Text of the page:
While the two sites have provoked controversy, their reporting on the two GRU agents accused of poisoning a critic of Vladimir Putin seems to be holding up, and getting picked up.
It is telling that the Russian government and pro-government news media have stopped issuing denials about the two suspects, initially identified as “Alexander Petrov” and “Ruslan Boshirov.”
One prominent Russian pundit, Oleg Kashin, chided the leakers of information about the two suspects saying they were unpatriotic, an implicit admission that the two men might actually be GRU agents.
Bellingcat and Russia Insider have published a wealth of evidence that the men’s real names are Alexander Mishkin and Anatoliy Chepiga and that they are associated with Russian military intelligence.
Bellingcat critics says is funded by the Atlantic Council and Google and is thus a pawn or front for anti-Russian Cold Warmongers. But that doesn’t mean their information isn’t accurate.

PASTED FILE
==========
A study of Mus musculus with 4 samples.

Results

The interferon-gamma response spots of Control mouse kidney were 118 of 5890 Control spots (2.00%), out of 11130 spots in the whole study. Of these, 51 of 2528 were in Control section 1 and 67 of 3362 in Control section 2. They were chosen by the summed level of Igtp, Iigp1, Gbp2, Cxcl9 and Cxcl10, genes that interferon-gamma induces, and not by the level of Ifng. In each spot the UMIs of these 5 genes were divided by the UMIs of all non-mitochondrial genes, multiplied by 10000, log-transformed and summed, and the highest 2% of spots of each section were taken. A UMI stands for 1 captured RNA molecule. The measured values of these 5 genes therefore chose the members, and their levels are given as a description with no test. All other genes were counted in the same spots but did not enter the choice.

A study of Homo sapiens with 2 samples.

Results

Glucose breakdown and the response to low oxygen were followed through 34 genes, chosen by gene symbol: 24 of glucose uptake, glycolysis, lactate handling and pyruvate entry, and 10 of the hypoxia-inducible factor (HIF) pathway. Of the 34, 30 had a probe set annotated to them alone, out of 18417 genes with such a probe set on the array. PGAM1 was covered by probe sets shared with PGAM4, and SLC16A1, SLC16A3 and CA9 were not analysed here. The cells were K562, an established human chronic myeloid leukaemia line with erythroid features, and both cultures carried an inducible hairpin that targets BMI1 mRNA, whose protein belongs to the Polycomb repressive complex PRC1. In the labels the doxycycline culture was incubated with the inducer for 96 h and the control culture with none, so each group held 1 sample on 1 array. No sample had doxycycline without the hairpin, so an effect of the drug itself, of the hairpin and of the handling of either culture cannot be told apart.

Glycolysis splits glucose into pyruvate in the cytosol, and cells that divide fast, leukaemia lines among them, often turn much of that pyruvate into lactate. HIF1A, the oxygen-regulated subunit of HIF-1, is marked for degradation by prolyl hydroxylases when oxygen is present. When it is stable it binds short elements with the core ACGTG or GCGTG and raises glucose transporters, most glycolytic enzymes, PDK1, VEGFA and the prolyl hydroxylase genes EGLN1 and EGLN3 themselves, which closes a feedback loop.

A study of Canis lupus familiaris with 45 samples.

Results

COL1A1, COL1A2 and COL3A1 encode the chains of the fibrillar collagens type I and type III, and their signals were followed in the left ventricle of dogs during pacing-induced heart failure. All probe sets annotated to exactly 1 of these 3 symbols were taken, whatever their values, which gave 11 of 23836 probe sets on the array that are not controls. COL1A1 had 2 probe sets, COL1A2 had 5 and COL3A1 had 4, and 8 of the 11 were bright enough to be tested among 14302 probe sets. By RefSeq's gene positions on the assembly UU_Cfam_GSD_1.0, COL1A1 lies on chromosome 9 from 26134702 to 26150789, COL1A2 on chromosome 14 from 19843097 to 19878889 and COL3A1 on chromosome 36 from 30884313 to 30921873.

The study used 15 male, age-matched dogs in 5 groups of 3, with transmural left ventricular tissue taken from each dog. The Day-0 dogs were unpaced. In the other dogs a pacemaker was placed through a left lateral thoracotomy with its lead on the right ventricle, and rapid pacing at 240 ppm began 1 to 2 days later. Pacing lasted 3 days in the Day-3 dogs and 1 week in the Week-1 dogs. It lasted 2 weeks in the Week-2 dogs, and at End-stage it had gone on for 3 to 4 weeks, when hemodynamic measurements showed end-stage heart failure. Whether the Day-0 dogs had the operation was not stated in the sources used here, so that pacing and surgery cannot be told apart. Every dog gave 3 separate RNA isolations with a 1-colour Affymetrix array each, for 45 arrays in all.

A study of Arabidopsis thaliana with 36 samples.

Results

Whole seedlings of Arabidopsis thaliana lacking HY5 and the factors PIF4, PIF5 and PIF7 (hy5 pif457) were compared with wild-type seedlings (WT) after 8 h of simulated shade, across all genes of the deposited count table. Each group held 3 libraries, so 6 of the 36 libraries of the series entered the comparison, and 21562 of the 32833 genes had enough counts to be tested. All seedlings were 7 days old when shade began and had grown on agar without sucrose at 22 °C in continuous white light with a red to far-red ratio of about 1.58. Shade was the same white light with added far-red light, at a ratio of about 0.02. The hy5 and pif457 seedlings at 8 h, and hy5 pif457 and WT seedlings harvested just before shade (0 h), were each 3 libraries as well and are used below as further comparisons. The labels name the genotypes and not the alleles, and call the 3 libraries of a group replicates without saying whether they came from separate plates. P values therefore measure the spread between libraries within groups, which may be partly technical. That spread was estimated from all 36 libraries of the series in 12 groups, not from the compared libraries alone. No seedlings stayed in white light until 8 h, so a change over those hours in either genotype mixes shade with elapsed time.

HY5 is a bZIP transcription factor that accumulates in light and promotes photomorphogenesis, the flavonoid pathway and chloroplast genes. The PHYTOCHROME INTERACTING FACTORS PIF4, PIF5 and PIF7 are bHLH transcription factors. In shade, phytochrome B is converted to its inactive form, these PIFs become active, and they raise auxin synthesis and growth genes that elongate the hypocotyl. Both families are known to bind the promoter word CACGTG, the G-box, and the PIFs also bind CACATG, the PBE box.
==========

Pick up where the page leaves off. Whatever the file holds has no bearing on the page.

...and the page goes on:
[Background: What is the GRU?)
Last month, the men identified as Petrov and Boshirov gave a curious interview to RT. The guarded and odd response to questions only increased suspicions that they were lying about their trip to Salisbury England, where former Russian intelligence agent Sergey Skripal was poisoned.
I can’t read the Russian documents reproduced so I can’t confirm their findings. But I like the on-the-ground reporting:
For final validation of our amassed findings, Bellingcat’s Russian investigative partner, The Insider, sent a reporter to the village of Loyga. The reporter was able to meet and talk to many residents, who all recognized “Alexander Petrov”, the person shown on photographs released by the British police and seen in the RT interview, as “our local boy” Alexander Mishkin. One person told our reporter that Alexander Mishkin had been her son’s play friend.